City Wants New Rules for D.C. Food Trucks

Current laws governing food trucks 30-years old: Mayor


    Council looking to overhaul laws governing how food trucks operate in the District. News4's Megan McGrath reports.

    Food trucks have brought a revolution in D.C.'s midday dining.

    Vendors operating food trucks have become a thriving part of the District' small business community.

    But the success of food trucks has brought friction with brick and mortar restaurant.  Regulations on the books are 30 years old, and are geared toward old style ice cream and hotdog trucks.

    Change is on the way.  The Department of Consumer and Regulatory Affairs today posted a new set of proposed regulations.

    Among the recommended changes:

    New rules would establish special food truck zones, where the location and number of trucks could be regulated.  Some of the bad blood arises when 4-wheeled food vendors park near or directly in front of established restaurants.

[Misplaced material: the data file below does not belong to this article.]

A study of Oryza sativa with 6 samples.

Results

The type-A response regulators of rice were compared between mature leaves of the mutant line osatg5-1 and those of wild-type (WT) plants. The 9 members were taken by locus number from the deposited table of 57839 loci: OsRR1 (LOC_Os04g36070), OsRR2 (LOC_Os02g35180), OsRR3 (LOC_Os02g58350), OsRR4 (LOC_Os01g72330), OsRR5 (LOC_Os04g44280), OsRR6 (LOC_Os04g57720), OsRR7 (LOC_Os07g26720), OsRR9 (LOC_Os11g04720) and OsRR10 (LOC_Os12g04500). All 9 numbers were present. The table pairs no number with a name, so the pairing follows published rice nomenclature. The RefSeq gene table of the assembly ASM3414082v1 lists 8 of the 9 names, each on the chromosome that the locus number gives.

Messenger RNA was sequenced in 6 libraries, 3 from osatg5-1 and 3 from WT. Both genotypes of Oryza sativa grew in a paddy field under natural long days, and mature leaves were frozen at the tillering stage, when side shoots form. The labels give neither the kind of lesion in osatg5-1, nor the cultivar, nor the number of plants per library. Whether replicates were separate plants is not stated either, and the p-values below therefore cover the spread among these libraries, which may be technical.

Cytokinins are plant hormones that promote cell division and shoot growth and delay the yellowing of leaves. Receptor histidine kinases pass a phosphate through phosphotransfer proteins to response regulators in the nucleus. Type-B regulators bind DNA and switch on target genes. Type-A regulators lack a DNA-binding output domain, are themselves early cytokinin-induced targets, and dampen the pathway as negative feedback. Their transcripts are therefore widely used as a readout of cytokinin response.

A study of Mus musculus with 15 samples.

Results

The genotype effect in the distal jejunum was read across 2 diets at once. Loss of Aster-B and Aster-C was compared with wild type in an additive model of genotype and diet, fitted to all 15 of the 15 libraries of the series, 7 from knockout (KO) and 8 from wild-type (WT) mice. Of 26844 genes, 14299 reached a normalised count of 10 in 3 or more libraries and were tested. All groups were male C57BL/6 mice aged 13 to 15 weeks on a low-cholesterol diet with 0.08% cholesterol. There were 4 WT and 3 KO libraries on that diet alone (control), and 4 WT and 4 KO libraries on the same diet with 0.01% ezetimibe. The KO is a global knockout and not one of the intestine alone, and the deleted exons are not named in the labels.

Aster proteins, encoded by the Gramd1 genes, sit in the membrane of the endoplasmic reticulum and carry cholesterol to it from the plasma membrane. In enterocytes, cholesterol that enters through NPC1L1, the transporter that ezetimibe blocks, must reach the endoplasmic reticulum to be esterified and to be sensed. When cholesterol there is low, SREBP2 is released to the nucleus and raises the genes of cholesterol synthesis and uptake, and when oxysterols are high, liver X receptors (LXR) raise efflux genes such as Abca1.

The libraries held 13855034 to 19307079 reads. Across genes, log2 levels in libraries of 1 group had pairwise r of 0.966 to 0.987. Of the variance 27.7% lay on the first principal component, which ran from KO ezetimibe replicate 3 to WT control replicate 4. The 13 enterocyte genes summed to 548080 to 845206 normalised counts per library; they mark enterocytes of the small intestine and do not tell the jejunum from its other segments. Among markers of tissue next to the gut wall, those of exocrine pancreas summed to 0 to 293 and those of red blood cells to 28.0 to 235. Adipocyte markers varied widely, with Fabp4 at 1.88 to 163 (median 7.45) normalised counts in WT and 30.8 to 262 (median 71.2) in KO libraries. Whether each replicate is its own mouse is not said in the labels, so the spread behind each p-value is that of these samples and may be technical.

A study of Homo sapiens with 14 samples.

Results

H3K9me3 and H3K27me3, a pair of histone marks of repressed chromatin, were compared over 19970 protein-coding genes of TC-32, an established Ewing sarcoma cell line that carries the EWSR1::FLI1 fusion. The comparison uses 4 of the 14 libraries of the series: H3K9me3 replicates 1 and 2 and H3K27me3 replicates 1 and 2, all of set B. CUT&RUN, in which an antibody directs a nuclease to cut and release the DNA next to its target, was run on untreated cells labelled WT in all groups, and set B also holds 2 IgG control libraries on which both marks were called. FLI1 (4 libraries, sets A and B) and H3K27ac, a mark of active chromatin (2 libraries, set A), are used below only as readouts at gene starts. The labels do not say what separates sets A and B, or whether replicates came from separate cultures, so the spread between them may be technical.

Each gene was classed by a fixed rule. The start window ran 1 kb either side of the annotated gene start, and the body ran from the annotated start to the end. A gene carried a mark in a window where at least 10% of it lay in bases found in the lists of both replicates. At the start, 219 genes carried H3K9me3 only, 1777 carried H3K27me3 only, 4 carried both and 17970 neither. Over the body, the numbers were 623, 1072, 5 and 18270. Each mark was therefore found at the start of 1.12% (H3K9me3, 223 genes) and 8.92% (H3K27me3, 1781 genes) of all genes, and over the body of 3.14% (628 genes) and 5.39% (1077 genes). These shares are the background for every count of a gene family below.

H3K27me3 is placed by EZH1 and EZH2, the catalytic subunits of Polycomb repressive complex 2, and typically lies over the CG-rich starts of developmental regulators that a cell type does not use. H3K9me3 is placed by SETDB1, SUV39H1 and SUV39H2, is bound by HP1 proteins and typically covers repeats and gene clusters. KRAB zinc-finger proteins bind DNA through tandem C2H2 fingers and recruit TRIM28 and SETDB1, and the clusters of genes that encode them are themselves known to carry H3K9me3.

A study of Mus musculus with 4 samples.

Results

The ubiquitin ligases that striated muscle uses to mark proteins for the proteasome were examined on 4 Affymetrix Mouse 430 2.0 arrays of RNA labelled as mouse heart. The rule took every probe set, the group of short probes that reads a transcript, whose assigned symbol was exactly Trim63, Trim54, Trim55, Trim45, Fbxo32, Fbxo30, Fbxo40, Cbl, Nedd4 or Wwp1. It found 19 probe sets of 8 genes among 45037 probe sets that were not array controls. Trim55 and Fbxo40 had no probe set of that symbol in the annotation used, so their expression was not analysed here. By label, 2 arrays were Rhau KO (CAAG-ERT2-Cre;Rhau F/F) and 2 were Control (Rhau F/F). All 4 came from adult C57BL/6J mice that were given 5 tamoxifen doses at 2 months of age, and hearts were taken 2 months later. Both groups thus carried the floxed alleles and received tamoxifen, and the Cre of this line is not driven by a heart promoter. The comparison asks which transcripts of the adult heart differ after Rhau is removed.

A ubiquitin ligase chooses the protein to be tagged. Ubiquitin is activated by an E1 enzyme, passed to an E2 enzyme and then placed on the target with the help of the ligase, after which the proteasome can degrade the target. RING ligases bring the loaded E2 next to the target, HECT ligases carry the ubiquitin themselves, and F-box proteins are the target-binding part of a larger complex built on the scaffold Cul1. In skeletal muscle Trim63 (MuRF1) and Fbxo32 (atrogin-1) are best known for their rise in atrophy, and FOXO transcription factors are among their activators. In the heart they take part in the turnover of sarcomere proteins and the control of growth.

There will be new rules regarding how long a truck could stay in place. Right now, the old ice cream truck rules apply - technically a vendor can stop only if waived over by a customer, and can remain stationary only if there's a line.  That's obviously very different from how food trucks are operating now.

    The city would also like to give DCRA greater powers to write citations, in order to better enforce health codes as well as police business licenses.

    "These proposed regulations eliminate outdated requirements," said Mayor Vincent Gray, and " make it easier for the smallest of entrepreneurs to set up a business here and expand the food options available to consumers.”

    In Farragut Square at lunch time, many vendors told News4 they welcome the change.

    The full list of proposals will be published into the D.C. Register Friday, and will undergo a 30-day public comment period.  Final regulations will go before the D.C. Council for a vote.